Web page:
Posted on October 14, 2020

Congress created the National Flood Insurance Program in 1968 to protect homeowners and alleviate taxpayers’ exposure to flood losses. However, the growing magnitude of major flood events, combined with attempts to keep homeowners’ policy rates affordable, threaten the program’s solvency and expose taxpayers to losses.

Finding common ground on flood insurance reform has been difficult.

On Sept. 30, the National Flood Insurance Program (NFIP) was reauthorized for another year, allowing it to continue offering flood coverage to America’s homeowners. However, much needed reform has yet to materialize, leaving the nation’s taxpayers exposed as the program continues to take on more debt.

Today’s WatchBlog looks at the nation’s flood insurance program, and what could be done to fix it.


Photo from FEMA showing flooding near home.


How we got here

Congress created NFIP with 2 competing goals: keeping flood insurance affordable and keeping the program fiscally solvent. However, a historical focus on affordability has come at the expense of solvency.

In particular, Congress has required the program to charge discounted premium rates to many policyholders, even though these rates do not reflect the full risk of flood losses. This has led to a shortfall in revenue, and NFIP has not had sufficient funds to pay claims. Additionally, because Congress has not appropriated funding to pay for this shortfall, NFIP has borrowed from the Treasury (i.e., taxpayers) to cover it—about $36.5 billion since 2005. For these reasons, we placed NFIP on our High Risk List in 2006.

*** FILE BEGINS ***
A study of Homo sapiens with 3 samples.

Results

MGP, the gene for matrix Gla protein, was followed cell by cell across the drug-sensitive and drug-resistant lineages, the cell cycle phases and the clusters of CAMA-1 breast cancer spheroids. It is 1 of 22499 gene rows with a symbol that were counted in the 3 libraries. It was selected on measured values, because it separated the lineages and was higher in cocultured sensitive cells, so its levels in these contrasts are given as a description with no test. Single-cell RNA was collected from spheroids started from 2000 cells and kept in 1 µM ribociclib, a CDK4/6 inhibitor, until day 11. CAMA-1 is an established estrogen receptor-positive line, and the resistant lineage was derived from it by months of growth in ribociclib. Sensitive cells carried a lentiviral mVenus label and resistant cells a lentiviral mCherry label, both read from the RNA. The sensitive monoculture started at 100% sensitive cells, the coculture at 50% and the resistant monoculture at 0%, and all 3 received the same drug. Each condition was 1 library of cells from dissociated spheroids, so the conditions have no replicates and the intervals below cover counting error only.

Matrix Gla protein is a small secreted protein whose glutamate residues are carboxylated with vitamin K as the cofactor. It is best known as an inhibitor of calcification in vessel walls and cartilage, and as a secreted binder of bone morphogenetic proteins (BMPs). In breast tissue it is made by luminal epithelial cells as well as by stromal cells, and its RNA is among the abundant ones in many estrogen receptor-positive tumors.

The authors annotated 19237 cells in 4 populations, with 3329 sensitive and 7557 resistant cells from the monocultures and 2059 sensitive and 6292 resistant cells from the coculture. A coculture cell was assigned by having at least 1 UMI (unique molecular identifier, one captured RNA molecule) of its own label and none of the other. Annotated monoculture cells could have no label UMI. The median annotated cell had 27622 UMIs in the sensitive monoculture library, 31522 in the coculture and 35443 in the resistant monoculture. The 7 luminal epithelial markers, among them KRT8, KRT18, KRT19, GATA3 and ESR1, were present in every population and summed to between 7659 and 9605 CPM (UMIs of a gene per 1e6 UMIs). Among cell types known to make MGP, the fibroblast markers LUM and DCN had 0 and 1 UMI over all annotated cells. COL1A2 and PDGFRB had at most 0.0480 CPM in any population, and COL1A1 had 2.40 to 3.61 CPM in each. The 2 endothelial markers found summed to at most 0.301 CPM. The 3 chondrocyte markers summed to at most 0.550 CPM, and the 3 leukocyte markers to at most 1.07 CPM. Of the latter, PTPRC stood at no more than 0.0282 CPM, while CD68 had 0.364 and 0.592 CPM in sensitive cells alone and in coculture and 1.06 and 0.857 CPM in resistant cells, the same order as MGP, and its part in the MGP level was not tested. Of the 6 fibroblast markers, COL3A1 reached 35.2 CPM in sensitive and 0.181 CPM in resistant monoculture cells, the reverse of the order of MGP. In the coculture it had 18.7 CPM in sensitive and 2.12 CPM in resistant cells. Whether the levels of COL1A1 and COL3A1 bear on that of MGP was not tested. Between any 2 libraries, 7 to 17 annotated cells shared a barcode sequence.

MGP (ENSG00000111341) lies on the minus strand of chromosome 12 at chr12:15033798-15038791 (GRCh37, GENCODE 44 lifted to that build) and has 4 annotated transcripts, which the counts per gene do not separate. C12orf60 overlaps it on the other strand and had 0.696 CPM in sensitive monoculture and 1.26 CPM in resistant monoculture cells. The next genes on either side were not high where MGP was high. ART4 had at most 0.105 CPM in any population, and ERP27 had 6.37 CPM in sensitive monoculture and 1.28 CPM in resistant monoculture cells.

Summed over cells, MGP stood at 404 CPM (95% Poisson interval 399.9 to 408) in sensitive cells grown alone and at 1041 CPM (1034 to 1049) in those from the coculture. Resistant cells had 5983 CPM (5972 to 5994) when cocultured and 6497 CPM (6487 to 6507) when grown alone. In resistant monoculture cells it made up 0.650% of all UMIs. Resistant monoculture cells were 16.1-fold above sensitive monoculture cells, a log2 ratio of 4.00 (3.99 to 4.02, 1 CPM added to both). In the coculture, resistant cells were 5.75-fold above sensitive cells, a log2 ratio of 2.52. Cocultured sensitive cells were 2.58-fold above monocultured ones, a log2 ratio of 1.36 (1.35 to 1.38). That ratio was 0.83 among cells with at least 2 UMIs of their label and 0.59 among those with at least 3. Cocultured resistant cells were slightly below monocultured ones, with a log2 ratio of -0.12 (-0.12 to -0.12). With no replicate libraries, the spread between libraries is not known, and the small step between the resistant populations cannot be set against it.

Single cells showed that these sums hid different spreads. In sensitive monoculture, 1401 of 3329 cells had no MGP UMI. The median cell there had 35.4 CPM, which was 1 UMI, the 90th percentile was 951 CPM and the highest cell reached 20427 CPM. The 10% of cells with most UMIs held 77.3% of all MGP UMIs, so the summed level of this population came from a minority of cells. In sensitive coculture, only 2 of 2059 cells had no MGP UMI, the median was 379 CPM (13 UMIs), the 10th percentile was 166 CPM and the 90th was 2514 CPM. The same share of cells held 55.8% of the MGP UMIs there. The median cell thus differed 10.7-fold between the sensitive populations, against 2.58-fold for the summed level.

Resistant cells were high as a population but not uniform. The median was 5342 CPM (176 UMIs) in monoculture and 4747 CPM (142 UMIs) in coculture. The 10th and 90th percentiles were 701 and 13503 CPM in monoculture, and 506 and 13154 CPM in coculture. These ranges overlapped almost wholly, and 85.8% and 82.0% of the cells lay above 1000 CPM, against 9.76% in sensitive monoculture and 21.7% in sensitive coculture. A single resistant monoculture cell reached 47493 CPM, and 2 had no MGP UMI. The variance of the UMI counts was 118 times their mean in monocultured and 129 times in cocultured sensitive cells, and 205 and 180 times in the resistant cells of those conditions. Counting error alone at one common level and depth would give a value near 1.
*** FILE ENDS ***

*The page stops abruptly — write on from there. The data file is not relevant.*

Efforts to mitigate flood risk

The Federal Emergency Management Agency (FEMA) administers three grant programs that fund efforts to mitigate the flood risk of properties insured by NFIP. These programs funded $5.4 billion (adjusted for inflation) in projects from 1989 to 2018 to help states and localities mitigate more than 57,000 properties. While these efforts have reduced flood risk, NFIP’s debt has continued to grow because premium rates do not fully reflect the flood risk of its insured properties.



Bar chart showing National Flood Insurance Program Annual Year-end Debt to Treasury, FY 1995-2019.


How we fix it

Our April 2017 report outlined a roadmap for comprehensive reform that could improve the program’s solvency and better protect Americans from flood risk. One of the main challenges with reform is trying to bridge the seemingly unbridgeable divide between affordability and solvency. We found that full-risk premium rates for all policies, with appropriated means-based subsidies, could help address this issue because:

  • Full-risk premium rates would remove subsidies from those who don’t need them—helping improve solvency—and more accurately signal the true flood risk to property owners.
  • Means-based subsidies would ensure that property owners who need help would get it.
  • Having Congress explicitly appropriate for the subsidies would make the true cost of the subsidy transparent to taxpayers.

While comprehensive NFIP reform should address other issues we’ve identified, such as encouraging more Americans to purchase flood insurance, focusing on the affordability/solvency trade-off could be an important first step to putting NFIP on a sustainable path, protecting both policyholders and taxpayers.

Want to learn more about our recent work on the National Flood Insurance Program? In June, we reported on FEMA’s efforts to purchase properties in areas prone to flooding in order to reduce the insurance program’s financial challenges. In May, we reported on how communities are implementing FEMA requirements on floodplain management and post-disaster rebuilding efforts.